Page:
Solo ocean rower Niall Iain Macdonald, 44, has been rescued from his boat, ALBA, today (Friday) after his cabin was swamped and his systems started to fail during heavy seas.

The Gaelic broadcaster from the Isle of Lewis, who was more than a quarter of the way into his North Atlantic challenge, was battered by severe weather during the night and forced to make a Mayday call before abandoning ship.

He was picked up from his liferaft this morning by a Dutch cargo ship, the DOLFIJNGRACHT. His boat, which has suffered extensive damage, has been abandoned at sea.

Niall Iain’s support team learned of the incident in a phone call from the deck of the DOLFIJNGRACHT this afternoon. He was able to provide further details in an email, where he described the harrowing rescue – and spoke of his relief at still being alive. 

The rescue comes just two days after an NY2SY update, celebrating the fact that Niall Iain was more than a quarter of the way home, having passed 871 miles or more than 1,400 kilometres and averaging about 40 miles a day.

In his email, Niall Iain describes being hit side on, repeatedly, by waves.  “I had to abandon my boat earlier this morning. I got knocked down again by a wave at around 0400GMT and I really thought she was going over this time. I kept getting hit hard on the beam through the night.

“She came back up but I saw that the wind generator had been badly damaged. I hit my head hard off the control panel too when the wave hit. I felt that I had to go outside and check the extent of the damage in case the hull had been compromised where the base of the wind generator stand meets the top of the hull. I put on my foul weather gear, lifejacket and harness and tried to time the exit from the cabin to avoid any waves.

“On opening the hatch the boat pitched and water started to come over the lip of the hatch into the cabin. It caught me unawares and in that moment I got hit by a wave and the cabin was swamped substantially. I got shifted to the back of the cabin and more water came in as I tried to get myself sorted and back to the hatch.

“I continued to take a beating and the water seemed to be everywhere and so I decided to activate the EPIRB. The interior footwell was full of water and there was a couple of inches on the cabin floor where I sleep etc. In that circumstance, and with the damage to the wind generator, I felt that I had to.

“I then inflated the liferaft but kept it tied alongside without going aboard as I felt I would get blown away in the raft whereas the boat still had the sea anchor holding her position – though it didn’t seem to do a very good job of keeping the bow into the waves at all over that whole period of weather.”

He pressed the red emergency button on his VHF and issued a Mayday call. He spoke with the UK Coastguard on the sat phone who advised there were vessels around and they were being directed to his position. An aircraft was also being sent to the scene. After trying to raise anyone on his VHF, Niall Iain then saw the VHF ariel had been snapped. 

He said: “I remained with the boat but was knocked down once more. There seemed to be water everywhere in the cabin and some of my systems started to fail. I eventually received a call on my handheld VHF from the cargo vessel DOLFIJNGRACHT that they were making their way to my location.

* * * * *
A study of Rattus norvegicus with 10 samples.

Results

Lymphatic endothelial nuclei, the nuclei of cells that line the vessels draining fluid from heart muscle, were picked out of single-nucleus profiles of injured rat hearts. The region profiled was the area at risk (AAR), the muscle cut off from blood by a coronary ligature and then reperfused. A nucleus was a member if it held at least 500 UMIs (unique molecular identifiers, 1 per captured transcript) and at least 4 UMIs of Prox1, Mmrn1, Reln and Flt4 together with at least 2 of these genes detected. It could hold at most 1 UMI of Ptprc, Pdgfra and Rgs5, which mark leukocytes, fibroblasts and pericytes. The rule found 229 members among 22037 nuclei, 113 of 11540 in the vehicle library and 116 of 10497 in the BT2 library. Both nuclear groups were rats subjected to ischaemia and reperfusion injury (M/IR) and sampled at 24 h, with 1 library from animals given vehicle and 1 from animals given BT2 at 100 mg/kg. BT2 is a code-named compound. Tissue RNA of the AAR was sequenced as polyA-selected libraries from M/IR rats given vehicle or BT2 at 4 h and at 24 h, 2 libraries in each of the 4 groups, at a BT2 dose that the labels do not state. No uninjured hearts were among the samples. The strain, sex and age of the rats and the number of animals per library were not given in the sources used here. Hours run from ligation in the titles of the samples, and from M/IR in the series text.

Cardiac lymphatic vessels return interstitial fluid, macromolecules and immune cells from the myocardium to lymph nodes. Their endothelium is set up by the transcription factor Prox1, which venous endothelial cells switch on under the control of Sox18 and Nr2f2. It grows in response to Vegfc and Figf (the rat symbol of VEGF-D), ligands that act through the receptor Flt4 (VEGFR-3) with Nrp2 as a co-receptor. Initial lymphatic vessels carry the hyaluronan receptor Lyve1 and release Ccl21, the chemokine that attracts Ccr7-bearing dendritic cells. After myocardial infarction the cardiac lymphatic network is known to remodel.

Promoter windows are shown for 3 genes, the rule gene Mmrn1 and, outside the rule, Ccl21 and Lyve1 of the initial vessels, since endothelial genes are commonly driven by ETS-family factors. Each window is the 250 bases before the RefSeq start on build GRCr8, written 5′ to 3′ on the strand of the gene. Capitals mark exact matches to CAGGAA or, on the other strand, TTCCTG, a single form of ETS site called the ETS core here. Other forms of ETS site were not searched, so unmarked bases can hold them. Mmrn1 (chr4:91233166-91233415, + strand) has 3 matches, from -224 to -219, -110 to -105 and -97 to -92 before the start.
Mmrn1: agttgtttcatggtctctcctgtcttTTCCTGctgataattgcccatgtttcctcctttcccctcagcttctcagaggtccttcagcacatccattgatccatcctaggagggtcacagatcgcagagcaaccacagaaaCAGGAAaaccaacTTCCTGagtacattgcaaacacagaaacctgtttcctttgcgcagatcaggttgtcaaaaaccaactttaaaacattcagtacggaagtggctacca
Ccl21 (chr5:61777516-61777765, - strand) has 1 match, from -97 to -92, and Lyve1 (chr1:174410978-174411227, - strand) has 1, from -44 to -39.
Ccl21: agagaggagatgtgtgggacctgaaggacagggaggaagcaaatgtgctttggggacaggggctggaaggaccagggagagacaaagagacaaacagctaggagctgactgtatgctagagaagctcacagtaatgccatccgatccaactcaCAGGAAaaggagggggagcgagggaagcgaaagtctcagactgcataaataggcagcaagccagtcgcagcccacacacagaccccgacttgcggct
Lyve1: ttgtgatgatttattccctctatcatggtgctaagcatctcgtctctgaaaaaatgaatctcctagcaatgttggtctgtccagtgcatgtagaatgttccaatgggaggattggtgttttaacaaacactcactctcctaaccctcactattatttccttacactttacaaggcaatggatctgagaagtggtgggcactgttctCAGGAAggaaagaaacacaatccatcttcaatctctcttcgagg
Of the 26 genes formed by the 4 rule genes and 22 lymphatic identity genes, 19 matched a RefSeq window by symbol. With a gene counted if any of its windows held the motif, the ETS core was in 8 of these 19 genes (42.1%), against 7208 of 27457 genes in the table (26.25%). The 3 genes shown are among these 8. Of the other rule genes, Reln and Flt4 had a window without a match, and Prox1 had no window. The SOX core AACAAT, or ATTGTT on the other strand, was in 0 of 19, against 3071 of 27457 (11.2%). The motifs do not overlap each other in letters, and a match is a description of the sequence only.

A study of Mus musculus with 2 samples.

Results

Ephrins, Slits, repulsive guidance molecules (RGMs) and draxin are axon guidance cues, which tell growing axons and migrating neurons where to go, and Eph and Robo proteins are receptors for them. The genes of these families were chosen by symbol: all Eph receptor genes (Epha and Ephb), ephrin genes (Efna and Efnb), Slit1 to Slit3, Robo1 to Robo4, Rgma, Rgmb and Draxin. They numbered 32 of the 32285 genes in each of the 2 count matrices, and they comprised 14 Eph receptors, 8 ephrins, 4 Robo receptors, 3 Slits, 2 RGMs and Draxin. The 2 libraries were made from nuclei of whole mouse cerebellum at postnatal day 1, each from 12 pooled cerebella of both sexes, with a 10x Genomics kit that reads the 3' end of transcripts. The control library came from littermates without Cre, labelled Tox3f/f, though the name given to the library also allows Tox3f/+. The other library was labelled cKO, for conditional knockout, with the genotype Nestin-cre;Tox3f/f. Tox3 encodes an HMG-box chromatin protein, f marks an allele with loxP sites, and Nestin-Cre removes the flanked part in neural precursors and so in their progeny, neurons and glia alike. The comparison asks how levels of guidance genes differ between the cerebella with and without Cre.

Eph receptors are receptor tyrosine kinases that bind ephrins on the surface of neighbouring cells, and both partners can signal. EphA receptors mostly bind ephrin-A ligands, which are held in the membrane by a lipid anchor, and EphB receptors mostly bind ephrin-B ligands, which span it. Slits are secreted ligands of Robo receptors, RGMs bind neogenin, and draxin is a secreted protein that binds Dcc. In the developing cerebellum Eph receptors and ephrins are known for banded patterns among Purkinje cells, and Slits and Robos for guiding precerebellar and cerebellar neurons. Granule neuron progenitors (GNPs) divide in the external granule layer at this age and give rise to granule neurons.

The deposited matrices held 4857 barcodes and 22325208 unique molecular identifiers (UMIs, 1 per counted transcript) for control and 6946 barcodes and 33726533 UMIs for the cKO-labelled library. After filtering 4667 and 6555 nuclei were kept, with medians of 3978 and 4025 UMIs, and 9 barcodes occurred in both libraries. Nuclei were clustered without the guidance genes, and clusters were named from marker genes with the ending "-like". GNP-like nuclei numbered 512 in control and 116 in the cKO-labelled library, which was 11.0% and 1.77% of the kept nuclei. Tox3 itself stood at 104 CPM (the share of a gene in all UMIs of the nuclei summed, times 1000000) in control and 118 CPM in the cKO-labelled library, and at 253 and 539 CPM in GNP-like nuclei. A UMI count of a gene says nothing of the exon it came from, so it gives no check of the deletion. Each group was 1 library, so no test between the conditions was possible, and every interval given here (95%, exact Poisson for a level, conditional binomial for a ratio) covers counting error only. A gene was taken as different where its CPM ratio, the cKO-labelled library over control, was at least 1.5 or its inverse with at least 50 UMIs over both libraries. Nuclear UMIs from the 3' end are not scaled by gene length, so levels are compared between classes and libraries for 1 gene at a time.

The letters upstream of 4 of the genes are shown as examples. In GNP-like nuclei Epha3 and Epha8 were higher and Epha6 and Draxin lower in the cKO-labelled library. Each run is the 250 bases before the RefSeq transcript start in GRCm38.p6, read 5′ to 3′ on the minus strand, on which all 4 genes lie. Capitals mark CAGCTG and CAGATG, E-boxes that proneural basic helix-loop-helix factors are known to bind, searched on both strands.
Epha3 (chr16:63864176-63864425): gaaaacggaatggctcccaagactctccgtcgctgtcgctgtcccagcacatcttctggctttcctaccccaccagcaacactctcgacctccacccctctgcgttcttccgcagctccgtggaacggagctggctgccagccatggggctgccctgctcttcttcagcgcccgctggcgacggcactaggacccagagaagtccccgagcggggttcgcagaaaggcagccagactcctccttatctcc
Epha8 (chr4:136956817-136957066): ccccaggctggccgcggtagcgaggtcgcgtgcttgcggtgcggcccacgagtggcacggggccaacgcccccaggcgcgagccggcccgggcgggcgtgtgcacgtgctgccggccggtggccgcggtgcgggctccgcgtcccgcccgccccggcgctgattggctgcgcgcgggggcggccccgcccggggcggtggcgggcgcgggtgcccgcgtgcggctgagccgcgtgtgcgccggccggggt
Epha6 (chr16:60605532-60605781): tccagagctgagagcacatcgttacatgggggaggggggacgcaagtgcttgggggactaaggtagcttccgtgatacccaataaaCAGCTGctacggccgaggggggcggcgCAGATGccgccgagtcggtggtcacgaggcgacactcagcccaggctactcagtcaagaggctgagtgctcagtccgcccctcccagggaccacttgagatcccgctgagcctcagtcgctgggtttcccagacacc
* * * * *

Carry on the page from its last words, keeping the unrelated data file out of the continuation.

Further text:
“They arrived at around 0745GMT and stood by until it got a bit lighter. There was still a big sea running and we decided that the best option would be for me to get into the liferaft, detach from ALBA and drift across to DOLFIJNGRACHT.

“It seemed to take forever for us to come closer and I kept losing sight of the boat in the waves and swell. As I approached I honestly thought that I was going to get crushed under the bow of the boat which was heaving up and down in the swell. I have never been so scared as I was then.

“I managed to keep paddling the liferaft and came as close alongside to their starboard as I could and they threw a line which I got hold of. I grabbed at a rope ladder they deployed and climbed up to the deck. ALBA has been abandoned at sea.

“Her aft cabin is flooded and I'm not sure what damage the front cabin sustained when the wind generator was torn loose. When I first got into the liferaft I forgot to take the EPIRB and went back for it and saw the YB tracker which prompted me to switch the signal to every 24hrs.

“She was still sitting on her sea anchor. I tried closing the cabin hatch door too but it must also have been damaged as it wouldn’t close properly. I got the top latch to engage but not the bottom one. I didn’t feel that I had time to see what was wrong with it. 

“As harrowing as the rescue was for me, the captain and crew of the DOLFIJNGRACHT did an amazing job getting me onboard in very difficult conditions (4m waves and 2m swell according to the captain). I am just happy to be alive, I haven’t really thought about anything else.

“The DOLFIJNGRACHT is en route to Canada and I will stay onboard until 19/06 when she reaches Escoumins, Montreal. I’m not sure what happens then, to be honest.”

After speaking to Niall Iain this afternoon, Leven said: “He is ok but shaken up a bit. He is such a good character and I think this has been a bit of a trauma. 

“He has done very well in horrible circumstances and he should never lose sight of that – the North Atlantic eats people and boats. He did around 1000 miles just being battered by the weather and still making progress. He can hold his head up high.”

Niall Iain undertook NY2SY to raise awareness of mental health issues and to raise at least £100,000 for Scottish mental health charity SAMH.   Sincere thanks to everyone who supported the challenge, both financially and with messages of support. Although he could not see the messages on social media, they were relayed to him by email and made a big difference to morale. Thank you to everyone.